Bipartisan Robocall Issue Draws Contrasting Response in U.S. Senate

FOR IMMEDIATE RELEASE: August 2, 2018
National Consumer Law Center contacts: Margot Saunders (This email address is being protected from spambots. You need JavaScript enabled to view it.) or (202) 595-7844; Jan Kruse (This email address is being protected from spambots. You need JavaScript enabled to view it.) or (617) 542-8010

Senate Democrats Urge FCC to Strengthen the Rules to Limit Robocalls; Senate GOP Seeks Leniency for Robocallers

WASHINGTON – Seven Republican Senators, led by Senator John Thune of South Dakota, sent a letter to the Federal Communications Commission (FCC) urging changes to the Telephone Consumer Protection Act (TCPA) that would allow Wall Street banks, payday lenders, retailers, and other large businesses to robocall consumers’ cell phones with impunity. The GOP Senators’ letter stands in contrast to a recent letter to the FCC from 15 Democratic Senators and one Independent, led by Senator Ed Markey of Massachusetts, who urged stronger rules to stop all unwanted robocalls and hold bad corporate actors accountable.

“Robocalls are universally disliked by voters, and stopping abusive and unwanted calls is truly a bipartisan issue,” said Margot Saunders, senior counsel at the National Consumer Law Center. “While senators from both parties acknowledge the pervasive nature of robocalls, it is disappointing to see the GOP senators’ letter urge the FCC to dial back consumer protections at a time when they are so desperately needed.”


According to the YouMail Robocall Index, which tracks the volume and extent of robocalls in the United States, 4.1 billion robocalls were made to numbers nationwide in June of this year alone.

At issue is the TCPA’s definition of an automated dialing system (autodialer) and the prohibition on autodialed robocalls to cell phones without prior consent. A recent decision from the U.S. Court of Appeals for the District of Columbia in ACA International v. FCC set aside the FCC’s current autodialer definition deeming it too broad. The court ordered the FCC to revisit its definition and the Commission turned to the public for comment.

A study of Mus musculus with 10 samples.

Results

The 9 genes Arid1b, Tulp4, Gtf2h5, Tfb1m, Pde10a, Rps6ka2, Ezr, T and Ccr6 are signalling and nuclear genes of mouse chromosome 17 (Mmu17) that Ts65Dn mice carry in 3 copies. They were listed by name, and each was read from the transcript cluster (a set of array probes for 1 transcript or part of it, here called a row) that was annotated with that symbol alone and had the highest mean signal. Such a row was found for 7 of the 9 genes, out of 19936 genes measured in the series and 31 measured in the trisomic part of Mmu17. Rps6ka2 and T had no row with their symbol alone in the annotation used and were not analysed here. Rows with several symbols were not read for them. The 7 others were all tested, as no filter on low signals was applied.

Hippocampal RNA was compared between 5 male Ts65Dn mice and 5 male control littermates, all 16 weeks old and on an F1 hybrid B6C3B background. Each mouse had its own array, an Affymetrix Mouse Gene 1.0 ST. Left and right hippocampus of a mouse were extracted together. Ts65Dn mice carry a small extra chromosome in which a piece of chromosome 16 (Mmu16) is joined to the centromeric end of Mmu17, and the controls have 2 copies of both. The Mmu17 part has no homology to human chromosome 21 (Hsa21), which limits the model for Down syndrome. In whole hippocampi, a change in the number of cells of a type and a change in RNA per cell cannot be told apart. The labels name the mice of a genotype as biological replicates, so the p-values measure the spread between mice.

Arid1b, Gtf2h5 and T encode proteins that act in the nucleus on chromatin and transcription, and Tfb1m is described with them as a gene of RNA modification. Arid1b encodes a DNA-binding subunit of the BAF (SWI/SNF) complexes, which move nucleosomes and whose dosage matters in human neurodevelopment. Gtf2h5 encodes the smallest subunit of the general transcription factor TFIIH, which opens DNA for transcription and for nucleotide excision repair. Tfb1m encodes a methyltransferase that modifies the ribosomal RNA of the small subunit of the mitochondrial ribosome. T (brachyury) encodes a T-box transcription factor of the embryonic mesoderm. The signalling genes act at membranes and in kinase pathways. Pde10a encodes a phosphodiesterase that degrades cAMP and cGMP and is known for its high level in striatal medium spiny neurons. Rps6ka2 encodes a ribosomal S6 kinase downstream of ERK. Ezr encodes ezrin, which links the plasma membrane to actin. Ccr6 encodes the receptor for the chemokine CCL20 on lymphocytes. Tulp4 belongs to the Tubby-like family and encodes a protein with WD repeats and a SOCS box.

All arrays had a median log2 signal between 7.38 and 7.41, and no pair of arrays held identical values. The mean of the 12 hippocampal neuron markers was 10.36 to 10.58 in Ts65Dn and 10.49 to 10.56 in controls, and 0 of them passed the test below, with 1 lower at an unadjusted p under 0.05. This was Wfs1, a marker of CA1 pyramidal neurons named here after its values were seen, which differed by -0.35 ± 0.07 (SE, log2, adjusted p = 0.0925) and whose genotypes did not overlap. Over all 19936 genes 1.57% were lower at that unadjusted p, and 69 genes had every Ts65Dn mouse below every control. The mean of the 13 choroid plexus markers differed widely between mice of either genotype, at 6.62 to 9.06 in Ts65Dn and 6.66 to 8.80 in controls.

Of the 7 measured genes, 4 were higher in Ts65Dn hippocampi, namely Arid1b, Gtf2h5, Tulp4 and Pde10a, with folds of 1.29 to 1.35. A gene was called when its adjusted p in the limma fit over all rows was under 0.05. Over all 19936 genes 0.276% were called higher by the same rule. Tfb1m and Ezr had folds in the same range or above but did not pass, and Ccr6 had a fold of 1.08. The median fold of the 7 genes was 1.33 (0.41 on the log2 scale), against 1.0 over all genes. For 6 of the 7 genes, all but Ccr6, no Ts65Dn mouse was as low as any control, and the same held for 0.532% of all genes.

A chorus of corporations and their Washington lobbyists, including the Student Loan Servicing Alliance and the Community Bankers Association, urged the FCC to water down its “autodialer” definition so that virtually none of the modern equipment and software used to autodial robocalls would be covered. They also hope to nix the prohibition against autodialed calls and texts to cell phones without the consumer’s consent, and strip consumers of the right to tell the robocallers to stop calling.

“Lawmakers of all political stripes should be firmly opposed to rule changes that would lead to more unwanted robocalls,” Saunders added. “Instead of unity on the issue, we see division, as Democratic senators seek to defend consumer protections while top-ranking GOP senators echo robocalling industry talking points.”

For more information and for tips on how consumers can stop robocalls, visit NCLC’s Robocalls & Telemarketing page.